Thursday, August 9, 2018

Jeremiah Johnson: “Straitjacket” (2018) CD Review

Jeremiah Johnson is a singer, guitarist and songwriter working mainly in the blues realm, but with some serious rock in his blood and a bit of country in his soul. He is based in St. Louis, Missouri, a city steeped in the blues, though also known for its country and jazz music. His new album, Straitjacket, features mostly original material, music that will get you on your feet. The band is made up of Frank Bauer on saxophone and backing vocals, Tom Maloney on bass, Benet Schaeffer on drums, and Mike Zito on rhythm guitar. Zito also produced the album.

The album opens with its title track, “Straitjacket,” which is blues rock with a funky edge. It’s party blues, you know? I love that bass line. The song becomes a fun jam, with a lot of cool stuff on lead guitar. And then that horn, oh yes! There are a lot of folks in this country that should be fitted with straitjackets, but no one who makes music this fun should be counted among their number. That’s followed by “Getting Tired,” a tune with a strong blues groove, and with more cool work on horn. “I’m getting tired of getting old/Yeah, it’s getting old feeling tired.” Yup, that sounds just exactly right. Well, folks, we all need to “keep on keeping on,” no matter how difficult it might be at times. We’re all getting tired, we’re all getting older. But this song is working perfectly to lift my spirits and provide encouragement, and I especially love when that sax sings. Then “Blues In Her Eyes” is a somewhat mellower song, but with more groovy work on saxophone. Things get jumping with “Keep On Sailing,” with a bit of a country swing to its vibe, and a rockin’ energy moving through it. “Never thought I’d feel so lonely/Leader of the pack, I’m king of the fools/Never thought I’d feel so broken.” Need I even say that this track features some cool work on saxophone?

I got a little nervous at the beginning of “Believe In America,” as it starts with this bit of spoken word: “Now I’m not trying to make a political statement or nothing/I just really love my country/And I think you do too.” It’s tough, because as soon as someone mentions a love for the USA, I feel myself tightening up, worried that the person will say something in favor of the Republican Party. That is especially true these days, when that mendacious, incestuous puppet is pretending to lead. But of course, those of us who want Trump gone from the Earth do so for the very reason that we care about this country (and about the planet). This song is about those who are struggling (most of the people I know fit in that category), but there is still faith in the dream that is at the heart of the nation, and somehow that hasn’t been completely extinguished by their personal struggles, or by the current corrupt and authoritarian administration. Believe in this country in spite of the demented, self-obsessed racists currently in power. The groove changes partway through the song, and there is some really nice work on guitar, as well as a good drum beat. There is more delicious guitar work in “King & Queen,” over that classic blues rhythm. Hey, a blues song about chess (well, in part, anyway)!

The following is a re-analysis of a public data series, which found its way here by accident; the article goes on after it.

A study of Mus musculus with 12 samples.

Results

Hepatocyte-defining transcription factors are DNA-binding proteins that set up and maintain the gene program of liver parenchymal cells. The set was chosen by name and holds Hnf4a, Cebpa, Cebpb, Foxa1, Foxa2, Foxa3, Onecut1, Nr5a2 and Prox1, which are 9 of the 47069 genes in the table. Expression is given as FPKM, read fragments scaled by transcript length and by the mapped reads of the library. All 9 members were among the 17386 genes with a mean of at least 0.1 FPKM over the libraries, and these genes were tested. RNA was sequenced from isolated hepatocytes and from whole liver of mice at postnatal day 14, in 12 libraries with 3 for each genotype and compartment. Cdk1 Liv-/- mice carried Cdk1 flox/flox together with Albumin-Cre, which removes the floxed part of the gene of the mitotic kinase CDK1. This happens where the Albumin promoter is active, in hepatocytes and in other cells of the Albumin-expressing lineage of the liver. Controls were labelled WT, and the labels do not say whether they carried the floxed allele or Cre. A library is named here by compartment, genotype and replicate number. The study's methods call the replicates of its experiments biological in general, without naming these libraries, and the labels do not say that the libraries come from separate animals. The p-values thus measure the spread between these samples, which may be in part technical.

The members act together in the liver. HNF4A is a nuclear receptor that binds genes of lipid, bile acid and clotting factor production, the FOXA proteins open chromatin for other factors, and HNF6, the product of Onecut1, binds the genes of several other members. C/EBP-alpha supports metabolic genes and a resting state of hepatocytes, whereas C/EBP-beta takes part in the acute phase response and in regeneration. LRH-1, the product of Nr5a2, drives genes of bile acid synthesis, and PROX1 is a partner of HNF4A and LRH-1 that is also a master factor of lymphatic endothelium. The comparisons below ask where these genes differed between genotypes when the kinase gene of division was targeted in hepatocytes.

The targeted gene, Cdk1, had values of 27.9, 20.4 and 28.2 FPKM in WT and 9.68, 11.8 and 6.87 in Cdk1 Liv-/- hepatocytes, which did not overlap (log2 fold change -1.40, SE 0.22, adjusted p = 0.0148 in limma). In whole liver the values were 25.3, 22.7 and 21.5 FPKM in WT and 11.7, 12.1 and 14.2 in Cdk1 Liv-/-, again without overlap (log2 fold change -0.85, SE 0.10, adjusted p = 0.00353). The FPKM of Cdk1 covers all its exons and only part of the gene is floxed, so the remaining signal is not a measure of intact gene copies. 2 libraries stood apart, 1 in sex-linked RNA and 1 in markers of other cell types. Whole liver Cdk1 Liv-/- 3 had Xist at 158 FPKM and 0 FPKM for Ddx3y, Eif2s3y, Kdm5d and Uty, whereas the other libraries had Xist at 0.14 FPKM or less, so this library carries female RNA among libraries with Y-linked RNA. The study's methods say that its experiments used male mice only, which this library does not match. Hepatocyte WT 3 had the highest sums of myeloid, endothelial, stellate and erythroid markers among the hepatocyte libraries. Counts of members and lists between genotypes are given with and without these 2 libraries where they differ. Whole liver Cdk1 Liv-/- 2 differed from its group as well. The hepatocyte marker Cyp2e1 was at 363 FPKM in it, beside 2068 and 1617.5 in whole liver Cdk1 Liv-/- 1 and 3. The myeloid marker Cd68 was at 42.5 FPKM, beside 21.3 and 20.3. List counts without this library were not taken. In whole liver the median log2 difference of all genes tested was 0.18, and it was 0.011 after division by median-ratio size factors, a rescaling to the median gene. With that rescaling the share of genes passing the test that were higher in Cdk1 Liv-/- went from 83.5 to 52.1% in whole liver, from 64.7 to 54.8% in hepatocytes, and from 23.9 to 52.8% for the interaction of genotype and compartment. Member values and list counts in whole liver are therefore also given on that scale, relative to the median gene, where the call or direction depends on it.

“Dirty Mind” is one of my favorite tracks. In this one, Jeremiah Johnson sings, “Hope to see you soon/And I don’t care what you’ve been doing/Because I’ve always got the time for your dirty mind.” I need to play this one for my girlfriend; she’s going to appreciate it. This one is a good ride, to be sure. It is catchy at times, and also rocks, particularly at the end. The band is having fun with it. And, hey, there is more nice work on sax. Another of my personal favorites is “Bonneville Shuffle,” the disc’s only instrumental track. I absolutely love this classic mean groove, and of course the saxophone. It’s a tune that makes you feel cool just for having listened to it. Everything about this tune makes me happy, and makes me think that the world is a damn good place, full of joy and sex and dancing. It’s followed by “Hold My Hand,” which has a very different feel at the start, a mellower, sweeter vibe. And I love the way Jeremiah Johnson delivers the line “Felt like everything’s gonna be all right.” His delivery is so direct and true, that I feel things are going to be all right. The album then concludes with its only cover, “Rock & Roll Music To The World,” the Ten Years After song, written by Alvin Lee. “Give peace a chance/Get up and dance.”

CD Track List
  1. Straitjacket
  2. Getting Tired
  3. Blues In Her Eyes
  4. Keep On Sailing
  5. Believe In America
  6. King & Queen
  7. Dirty Mind
  8. 9th And Russell
  9. Old School
  10. Bonneville Shuffle
  11. Hold My Hand
  12. Rock & Roll Music To The World
Straitjacket is scheduled to be released on August 24, 2018 on Ruf Records.